Oil prices have been rising ever since their March 2020 pandemic lows...
During the global pandemic, the price of oil cratered to historically low levels, dropping from $64 a barrel in late 2019 to $20 in March 2020.
The decline in travel along with the global lockdown reduced oil demand.
This absence of demand caused the unthinkable to happen. In April 2020, oil future prices dropped below zero to negative $37 per barrel. With such little demand for oil, companies and investors had to pay to get those contracts off the books.
However, the world has come a long way since the depths of the pandemic. Life is returning to some degree of normalcy. Global demand is surging, and many countries are reopening.
In Europe and the U.S., people are excited to return to their normal activities, and as a result, global travel is climbing.
Worldwide weekly flight departures hit a low of 200,000 in April 2020. But the volume has rebounded in July to more than 550,000 flights per week. The average number of road miles driven per person has seen a similar recovery.
OPEC and Russia have both managed supply since mid-2018. Supply was cut further in 2020 and hasn't returned to pre-pandemic levels.
In early July, OPEC tried to raise production. But it failed to reach an agreement on a policy for August and beyond.
Increased global environmental regulations make it harder for new oil supply to enter the market, further supporting oil prices.
It's these factors that sent oil to a recent high of $77 per barrel, a price not seen since October 2018.
Rising oil prices make shale producers economically viable again...
The meaningful drop in oil prices over the past few years hurt many oil producers. The cost of production for shale producers and Canadian oil sands miners was well above the low oil prices seen for most of 2020.
However, the dramatic recovery in the price of oil makes these producers economically viable again. And that makes these producers' credits interesting stories to follow.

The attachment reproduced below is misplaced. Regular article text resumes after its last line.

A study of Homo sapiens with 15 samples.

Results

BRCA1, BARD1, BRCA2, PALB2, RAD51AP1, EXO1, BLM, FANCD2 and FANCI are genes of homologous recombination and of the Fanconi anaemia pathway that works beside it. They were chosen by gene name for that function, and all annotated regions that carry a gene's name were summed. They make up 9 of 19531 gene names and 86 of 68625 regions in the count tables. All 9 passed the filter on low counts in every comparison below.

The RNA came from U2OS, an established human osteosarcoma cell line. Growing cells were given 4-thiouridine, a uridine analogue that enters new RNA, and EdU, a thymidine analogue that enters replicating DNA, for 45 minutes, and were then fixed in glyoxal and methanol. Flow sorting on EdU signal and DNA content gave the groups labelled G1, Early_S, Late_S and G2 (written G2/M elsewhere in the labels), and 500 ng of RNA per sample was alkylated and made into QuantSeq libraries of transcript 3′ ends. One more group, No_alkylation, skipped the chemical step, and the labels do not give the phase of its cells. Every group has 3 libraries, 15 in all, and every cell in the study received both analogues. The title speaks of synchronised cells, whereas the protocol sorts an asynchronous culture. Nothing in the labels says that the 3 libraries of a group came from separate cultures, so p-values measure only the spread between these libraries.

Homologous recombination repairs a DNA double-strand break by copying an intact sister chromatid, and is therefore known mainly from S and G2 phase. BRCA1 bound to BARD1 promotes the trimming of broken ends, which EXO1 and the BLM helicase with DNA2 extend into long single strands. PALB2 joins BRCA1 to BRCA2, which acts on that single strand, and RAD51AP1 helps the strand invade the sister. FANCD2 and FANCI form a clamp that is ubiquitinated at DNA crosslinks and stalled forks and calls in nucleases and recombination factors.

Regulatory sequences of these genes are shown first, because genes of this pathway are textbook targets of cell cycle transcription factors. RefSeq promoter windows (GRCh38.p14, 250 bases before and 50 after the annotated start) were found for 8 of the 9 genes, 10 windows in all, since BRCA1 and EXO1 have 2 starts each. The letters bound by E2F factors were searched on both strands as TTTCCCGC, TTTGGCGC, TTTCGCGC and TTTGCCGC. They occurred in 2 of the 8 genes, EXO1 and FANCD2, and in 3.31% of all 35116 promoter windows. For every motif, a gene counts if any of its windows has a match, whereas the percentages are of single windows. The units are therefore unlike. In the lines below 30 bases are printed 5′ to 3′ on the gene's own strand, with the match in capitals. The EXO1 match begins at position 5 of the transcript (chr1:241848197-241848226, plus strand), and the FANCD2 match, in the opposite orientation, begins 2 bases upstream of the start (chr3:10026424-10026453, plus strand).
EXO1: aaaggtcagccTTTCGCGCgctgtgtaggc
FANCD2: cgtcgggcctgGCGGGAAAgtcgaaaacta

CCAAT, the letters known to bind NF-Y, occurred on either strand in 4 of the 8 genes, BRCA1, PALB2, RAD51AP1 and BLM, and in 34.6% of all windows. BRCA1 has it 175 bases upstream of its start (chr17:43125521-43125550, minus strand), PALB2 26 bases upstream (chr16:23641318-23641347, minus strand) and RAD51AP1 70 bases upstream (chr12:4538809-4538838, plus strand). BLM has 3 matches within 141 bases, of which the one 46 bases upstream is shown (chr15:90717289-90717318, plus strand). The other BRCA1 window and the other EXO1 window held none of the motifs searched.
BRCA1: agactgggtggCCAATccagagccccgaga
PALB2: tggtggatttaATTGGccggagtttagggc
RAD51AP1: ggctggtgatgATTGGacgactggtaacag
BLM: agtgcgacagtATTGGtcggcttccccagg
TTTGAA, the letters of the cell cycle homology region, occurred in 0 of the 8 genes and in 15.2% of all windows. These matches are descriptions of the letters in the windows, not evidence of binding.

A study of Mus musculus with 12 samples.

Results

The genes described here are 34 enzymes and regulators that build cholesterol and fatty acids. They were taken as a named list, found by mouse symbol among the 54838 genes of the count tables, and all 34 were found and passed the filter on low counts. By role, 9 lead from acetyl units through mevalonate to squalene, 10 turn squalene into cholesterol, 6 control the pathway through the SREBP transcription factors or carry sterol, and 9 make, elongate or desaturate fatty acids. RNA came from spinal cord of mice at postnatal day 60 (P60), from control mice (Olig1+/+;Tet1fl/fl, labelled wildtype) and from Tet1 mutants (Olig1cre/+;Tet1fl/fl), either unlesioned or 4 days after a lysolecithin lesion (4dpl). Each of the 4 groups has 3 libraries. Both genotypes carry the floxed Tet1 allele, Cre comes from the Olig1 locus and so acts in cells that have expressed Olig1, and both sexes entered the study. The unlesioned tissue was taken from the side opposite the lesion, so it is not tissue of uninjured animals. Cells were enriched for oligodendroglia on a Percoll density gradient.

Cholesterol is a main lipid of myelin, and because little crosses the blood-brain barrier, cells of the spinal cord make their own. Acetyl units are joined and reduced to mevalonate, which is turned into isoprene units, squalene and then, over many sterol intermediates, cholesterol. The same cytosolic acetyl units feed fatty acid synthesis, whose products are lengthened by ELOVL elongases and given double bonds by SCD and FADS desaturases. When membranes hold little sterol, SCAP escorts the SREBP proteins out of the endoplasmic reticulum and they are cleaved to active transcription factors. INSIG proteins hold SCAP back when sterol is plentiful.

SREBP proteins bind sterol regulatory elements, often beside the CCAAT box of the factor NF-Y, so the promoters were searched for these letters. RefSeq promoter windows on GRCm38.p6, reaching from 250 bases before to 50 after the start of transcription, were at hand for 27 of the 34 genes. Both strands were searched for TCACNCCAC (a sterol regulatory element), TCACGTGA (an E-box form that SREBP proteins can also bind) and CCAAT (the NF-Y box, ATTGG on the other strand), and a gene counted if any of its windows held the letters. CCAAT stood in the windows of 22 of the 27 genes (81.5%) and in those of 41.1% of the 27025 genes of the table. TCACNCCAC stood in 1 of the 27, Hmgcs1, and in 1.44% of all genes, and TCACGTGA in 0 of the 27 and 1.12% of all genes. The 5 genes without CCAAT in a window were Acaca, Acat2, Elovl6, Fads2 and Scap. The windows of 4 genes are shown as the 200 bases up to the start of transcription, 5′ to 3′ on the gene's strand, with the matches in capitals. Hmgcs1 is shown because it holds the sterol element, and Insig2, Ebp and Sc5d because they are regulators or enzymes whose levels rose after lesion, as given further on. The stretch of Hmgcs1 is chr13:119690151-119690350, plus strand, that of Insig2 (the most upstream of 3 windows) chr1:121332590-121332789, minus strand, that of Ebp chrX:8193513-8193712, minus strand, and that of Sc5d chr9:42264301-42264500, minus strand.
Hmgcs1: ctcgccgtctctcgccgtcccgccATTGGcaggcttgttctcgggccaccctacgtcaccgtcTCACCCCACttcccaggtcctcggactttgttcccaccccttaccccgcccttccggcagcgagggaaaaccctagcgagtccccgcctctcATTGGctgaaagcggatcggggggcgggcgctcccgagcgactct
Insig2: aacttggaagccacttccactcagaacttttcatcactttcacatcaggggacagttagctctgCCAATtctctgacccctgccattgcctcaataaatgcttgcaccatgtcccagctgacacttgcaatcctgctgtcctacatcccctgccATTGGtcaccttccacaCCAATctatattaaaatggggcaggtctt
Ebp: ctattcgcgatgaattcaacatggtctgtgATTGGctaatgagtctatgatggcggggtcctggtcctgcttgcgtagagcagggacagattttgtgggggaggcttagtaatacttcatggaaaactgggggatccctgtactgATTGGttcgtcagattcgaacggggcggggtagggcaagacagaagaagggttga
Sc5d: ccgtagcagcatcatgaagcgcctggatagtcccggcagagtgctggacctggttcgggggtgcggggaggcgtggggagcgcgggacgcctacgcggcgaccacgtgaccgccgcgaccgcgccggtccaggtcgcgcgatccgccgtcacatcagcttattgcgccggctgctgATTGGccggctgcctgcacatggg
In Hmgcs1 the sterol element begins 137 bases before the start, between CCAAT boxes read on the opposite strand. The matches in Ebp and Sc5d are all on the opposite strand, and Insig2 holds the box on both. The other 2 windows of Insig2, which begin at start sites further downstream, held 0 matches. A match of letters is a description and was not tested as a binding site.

One of the biggest winners is Continental Resources (CLR), a U.S. shale producer in North Dakota and Montana.
Continental Resources was in a precarious financial position in March 2020. With the oil prices around $20 a barrel, the company had little to no incentive to produce barrels. Production breakeven prices vary, but at $20, the best Continental could hope for was to cover its operating and production costs. It couldn't cover the economic replacement costs of its assets.
But the recovery in oil prices changed the $13-billion company's fortunes, causing a dramatic comeback in its profitability and credit quality.
A return to economic viability gives this company a more attractive credit...
With the significant recovery in oil prices, Continental Resources is in a much stronger financial position.
Using our Credit Cash Flow Prime ("CCFP") analysis, we can get to the heart of the firm's true credit risk.
The stacked bars represent the firm's obligations each year for the next five years. These obligations are compared with the firm's cash flow (blue line), as well as the cash on hand at the beginning of each period (blue dots) and available cash and undrawn revolver (blue triangles).
Continental Resources has strong cash flows, supported by higher oil prices. The company's cash flows are well above the firm's obligations in normal years when there are no debt maturities.
In 2022, 2023, and 2024, there are meaningful debt maturities. In 2023, Continental will need to use some of its cash on hand to cover its obligations. Meanwhile, in 2024, it will need to either refinance or trim its maintenance capital expenditures ("capex").
Continental Resources should have little trouble delaying its capex spending. The company's assets are at an average age, which means that Continental Resources needs its capex spending to replenish aging assets.
Given the stronger outlook for oil prices coupled with Continental Resources' profitability, the Oklahoma-based company has a sufficient buffer to keep its operations running smoothly.
Continued green energy regulations on new drilling and pipeline construction will continue to boost oil prices.
While it is impossible to predict what OPEC and Russia will do in the future, they'll likely continue to manage oil production to support the oil prices.
While oil will likely not stay above its recent high of $77, it's not likely to fall back to its pandemic lows.
Continental Resources shows how the oil market can make a return through 2021. While there any many parts of the economy that will remain shaken by the 2020 shutdowns, industries like oil are back to business as usual.
Other companies hit by the pandemic are staging a comeback... And we found several 'Survive and Thrive' businesses primed for huge upside.
In Altimetry's High Alpha, we found several "Survive and Thrive" companies poised to win in the midst of the economic recovery. They are growing faster than the market realizes with tremendous upside.